Increased Maternal Education and Knowledge of Nutrition and Reductions in Poverty are Associated with Dietary Diversity and Meal Frequency in an Observational Study of Indonesian Children


  • Benjamin T. Crookston Department of Public Health, Brigham Young University, Provo, UT
  • Cudjoe Bennett IMA World Health, Washington D.C
  • P. Cougar Hall Department of Public Health, Brigham Young University, Provo, UT
  • Muhamad Hasan IMA World Health, Jakarta
  • Mary Linehan IMA World Health, Washington D.C
  • Ahmad Syafiq Center for Nutrition and Health Studies, Faculty of Public Health, Universitas
  • Scott Torres IMA World Health, Washington D.C
  • Joshua H. West Department of Public Health, Brigham Young University, Provo
  • Kirk A. Dearden IMA World Health, Dar es Salaam



Dietary diversity, Meal frequency, Nutrition, Children, Indonesia.


Background: Optimal infant and young child feeding during the first two years of life is essential to optimum child development and health. While the link between feeding practices and child health outcomes is well documented, little is known about the determinants of these feeding practices in Indonesia. The purpose of this study was to better understand factors associated with appropriate child feeding among Indonesian children 6–23 months of age.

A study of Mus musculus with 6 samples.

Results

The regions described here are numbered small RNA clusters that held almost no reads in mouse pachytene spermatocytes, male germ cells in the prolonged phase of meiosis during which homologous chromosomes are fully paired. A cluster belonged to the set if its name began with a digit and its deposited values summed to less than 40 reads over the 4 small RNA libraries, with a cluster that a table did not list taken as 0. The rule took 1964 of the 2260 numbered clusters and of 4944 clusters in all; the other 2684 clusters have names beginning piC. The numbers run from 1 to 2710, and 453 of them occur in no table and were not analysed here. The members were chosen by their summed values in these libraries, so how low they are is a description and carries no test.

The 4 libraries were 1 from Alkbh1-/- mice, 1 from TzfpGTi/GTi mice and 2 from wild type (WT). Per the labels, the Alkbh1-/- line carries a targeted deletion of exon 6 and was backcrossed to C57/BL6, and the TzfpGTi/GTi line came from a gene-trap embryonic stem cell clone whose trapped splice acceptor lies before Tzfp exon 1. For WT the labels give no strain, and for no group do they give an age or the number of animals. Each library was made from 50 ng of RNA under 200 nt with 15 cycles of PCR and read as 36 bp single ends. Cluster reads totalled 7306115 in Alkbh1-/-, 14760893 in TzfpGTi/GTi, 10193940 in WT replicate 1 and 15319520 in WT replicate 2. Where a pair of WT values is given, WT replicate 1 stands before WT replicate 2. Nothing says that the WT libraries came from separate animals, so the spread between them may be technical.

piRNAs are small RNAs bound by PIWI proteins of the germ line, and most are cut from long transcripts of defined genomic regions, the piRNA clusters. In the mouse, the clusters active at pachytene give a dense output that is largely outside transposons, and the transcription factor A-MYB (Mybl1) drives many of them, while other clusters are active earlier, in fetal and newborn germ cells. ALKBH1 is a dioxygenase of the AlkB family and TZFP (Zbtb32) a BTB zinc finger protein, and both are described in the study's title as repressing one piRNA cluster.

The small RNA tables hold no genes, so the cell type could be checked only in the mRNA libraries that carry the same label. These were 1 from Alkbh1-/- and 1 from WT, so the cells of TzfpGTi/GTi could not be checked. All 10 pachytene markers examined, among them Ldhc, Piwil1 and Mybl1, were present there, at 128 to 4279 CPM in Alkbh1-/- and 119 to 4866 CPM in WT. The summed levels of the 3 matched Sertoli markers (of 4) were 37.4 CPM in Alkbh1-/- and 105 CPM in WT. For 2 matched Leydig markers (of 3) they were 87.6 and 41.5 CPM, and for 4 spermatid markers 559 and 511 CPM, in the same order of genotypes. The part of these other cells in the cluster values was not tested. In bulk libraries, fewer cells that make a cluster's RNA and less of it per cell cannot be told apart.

Methods: Interviewers conducted interviews with 1498 mothers of children 6–23 months of age to identify practices. Measures of feeding practices included dietary diversity, meal frequency, and minimum acceptable diet. Multivariate logistic regression was used to identify factors associated with dietary diversity and separately with meal frequency.

Results: After adjusting for covariates, increased maternal education was associated with improved dietary diversity. Age of child [OR=1.11], knowledge of stunting [OR=1.80], and having ever received nutrition information [OR=1.89] were also associated with greater dietary diversity. Wealth [OR=0.86] and age of child [OR=0.92] were inversely associated with meal frequency. Maternal education, age of child, being a male child, knowledge of stunting, and having received nutrition information increased the odds of the child consuming a minimum acceptable diet.

Conclusion: Increasing maternal education, knowledge of stunting, and knowledge of nutrition may improve dietary diversity while poverty alleviation has the potential to improve minimum meal frequency. These findings corroborate similar studies and confirm the importance of government efforts that help girls stay in school, improve families’ understanding of nutrition, and reduce poverty.